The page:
Most people diagnosed with Hepatitis B or Hepatitis C can live long full lives. Hepatitis B often remains in its acute form, meaning you get the infection and it will go away on its own. This is sometimes the case with Hepatitis C, though it normally progresses into the chronic stage. Here are some common complications associated with the HBV and HCV viruses. Fortunately, some of the most severe complications can often be avoided or managed with early diagnosis.
Hepatitis B (HBV)
Hepatitis B: Nearly 90% of babies whose mothers have an HBV infection will be born with it. Hepatitis B has a higher likelihood of turning into a chronic infection in young children. If a baby is infected anytime up to the age of 5, there is a 30% chance of chronic infection. In adults and older children, that chance is reduced greatly. Only about 6% will have a chronic infection and a mere 1% of all Hepatitis B infections are deadly. Fortunately, if you test positive for Hepatitis B, there are two vaccinations that can be given to the baby in the delivery room that will drastically lower the chance of infection.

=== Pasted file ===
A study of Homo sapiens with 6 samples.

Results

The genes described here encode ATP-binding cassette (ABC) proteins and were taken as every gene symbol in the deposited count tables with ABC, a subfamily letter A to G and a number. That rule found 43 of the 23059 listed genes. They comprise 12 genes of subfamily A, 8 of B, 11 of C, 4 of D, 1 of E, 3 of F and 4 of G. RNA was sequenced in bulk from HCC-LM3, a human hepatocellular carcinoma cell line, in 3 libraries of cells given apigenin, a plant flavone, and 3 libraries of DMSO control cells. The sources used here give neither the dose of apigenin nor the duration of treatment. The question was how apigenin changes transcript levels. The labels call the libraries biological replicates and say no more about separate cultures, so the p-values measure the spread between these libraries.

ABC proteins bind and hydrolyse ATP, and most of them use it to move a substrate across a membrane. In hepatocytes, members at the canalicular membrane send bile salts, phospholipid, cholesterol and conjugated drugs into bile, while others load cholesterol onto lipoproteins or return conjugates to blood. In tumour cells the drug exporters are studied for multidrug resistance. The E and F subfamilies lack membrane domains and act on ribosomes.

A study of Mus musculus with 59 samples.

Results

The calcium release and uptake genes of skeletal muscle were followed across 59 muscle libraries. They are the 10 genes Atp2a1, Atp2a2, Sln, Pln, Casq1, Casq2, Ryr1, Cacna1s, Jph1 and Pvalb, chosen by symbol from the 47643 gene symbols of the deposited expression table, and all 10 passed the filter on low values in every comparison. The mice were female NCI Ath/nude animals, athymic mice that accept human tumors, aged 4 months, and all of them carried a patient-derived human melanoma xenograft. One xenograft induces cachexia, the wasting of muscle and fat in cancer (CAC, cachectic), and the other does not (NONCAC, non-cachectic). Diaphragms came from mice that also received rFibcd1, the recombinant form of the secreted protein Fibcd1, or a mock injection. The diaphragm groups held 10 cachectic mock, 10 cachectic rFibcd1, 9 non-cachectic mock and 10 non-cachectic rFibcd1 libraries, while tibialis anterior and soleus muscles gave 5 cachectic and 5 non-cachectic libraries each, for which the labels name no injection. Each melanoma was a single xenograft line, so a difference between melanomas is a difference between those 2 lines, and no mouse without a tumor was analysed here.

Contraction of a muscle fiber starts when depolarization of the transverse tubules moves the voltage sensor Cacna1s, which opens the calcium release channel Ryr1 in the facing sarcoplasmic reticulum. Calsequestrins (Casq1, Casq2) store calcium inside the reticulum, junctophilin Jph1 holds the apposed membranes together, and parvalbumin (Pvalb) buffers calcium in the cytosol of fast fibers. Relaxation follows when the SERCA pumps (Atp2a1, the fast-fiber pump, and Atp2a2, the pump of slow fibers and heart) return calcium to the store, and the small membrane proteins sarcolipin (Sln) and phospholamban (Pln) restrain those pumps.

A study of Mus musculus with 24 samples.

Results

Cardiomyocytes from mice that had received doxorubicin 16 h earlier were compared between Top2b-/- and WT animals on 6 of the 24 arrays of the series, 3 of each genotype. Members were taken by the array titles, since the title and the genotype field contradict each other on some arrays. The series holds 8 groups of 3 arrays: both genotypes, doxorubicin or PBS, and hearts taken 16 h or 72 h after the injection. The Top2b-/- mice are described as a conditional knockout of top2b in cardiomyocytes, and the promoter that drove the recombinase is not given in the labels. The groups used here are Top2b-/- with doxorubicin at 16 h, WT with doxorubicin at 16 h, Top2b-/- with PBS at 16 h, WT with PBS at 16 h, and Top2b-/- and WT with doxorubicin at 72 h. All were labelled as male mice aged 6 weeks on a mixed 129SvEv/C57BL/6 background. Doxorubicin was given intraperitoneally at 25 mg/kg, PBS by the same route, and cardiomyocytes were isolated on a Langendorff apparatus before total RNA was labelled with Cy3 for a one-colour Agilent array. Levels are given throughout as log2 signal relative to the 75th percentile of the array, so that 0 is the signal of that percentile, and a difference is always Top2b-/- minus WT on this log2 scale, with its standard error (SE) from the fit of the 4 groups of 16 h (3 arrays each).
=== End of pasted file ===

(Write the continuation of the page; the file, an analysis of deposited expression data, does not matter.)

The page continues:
Hepatitis C: The baby may be affected but it is not as likely as with Hepatitis B.
Joint pain and rashes
Hepatitis B & C: Aching muscles, joint pain and rashes are sometimes experienced by those with Hepatitis B and C.
Hepatitis B & C: Jaundice is one symptom of acute infection. There is a noticeable yellowing of the skin and whites of the eyes.
Cirrhosis of the liver
Hepatitis B: Not everyone with chronic HBV is at the same risk of cirrhosis or scarring of the liver. According to the World Health Organization, about 25% of adults who become chronically infected during childhood will experience a fatal complication as a result of cirrhosis of the liver or liver cancer.
Hepatitis C: About 20% to 25% of chronic Hepatitis C infections are likely to develop into cirrhosis of the liver.
Hepatitis B & C: When in chronic form, Hepatitis B & C can lead to chronic liver disease and infection, putting the affected people at a higher risk of developing liver cancer.
Hepatitis B: Hepatitis D is an infection of the HDV virus that only affects people who carry the Hepatitis B virus. Hepatitis D can make an existing liver infection or disease worse and also can make the complications associated with hepatitis more severe. Hepatitis D occurs in 5% of people with Hepatitis B.
Inflammation of the blood vessels
Hepatitis B & C: Inflammations of the blood vessels, vasculitis, is a rare complication associated with Hepatitis B and C.
Hepatitis B & C: Liver failure is one possible side effect where the liver shuts down and an immediate transplant is needed.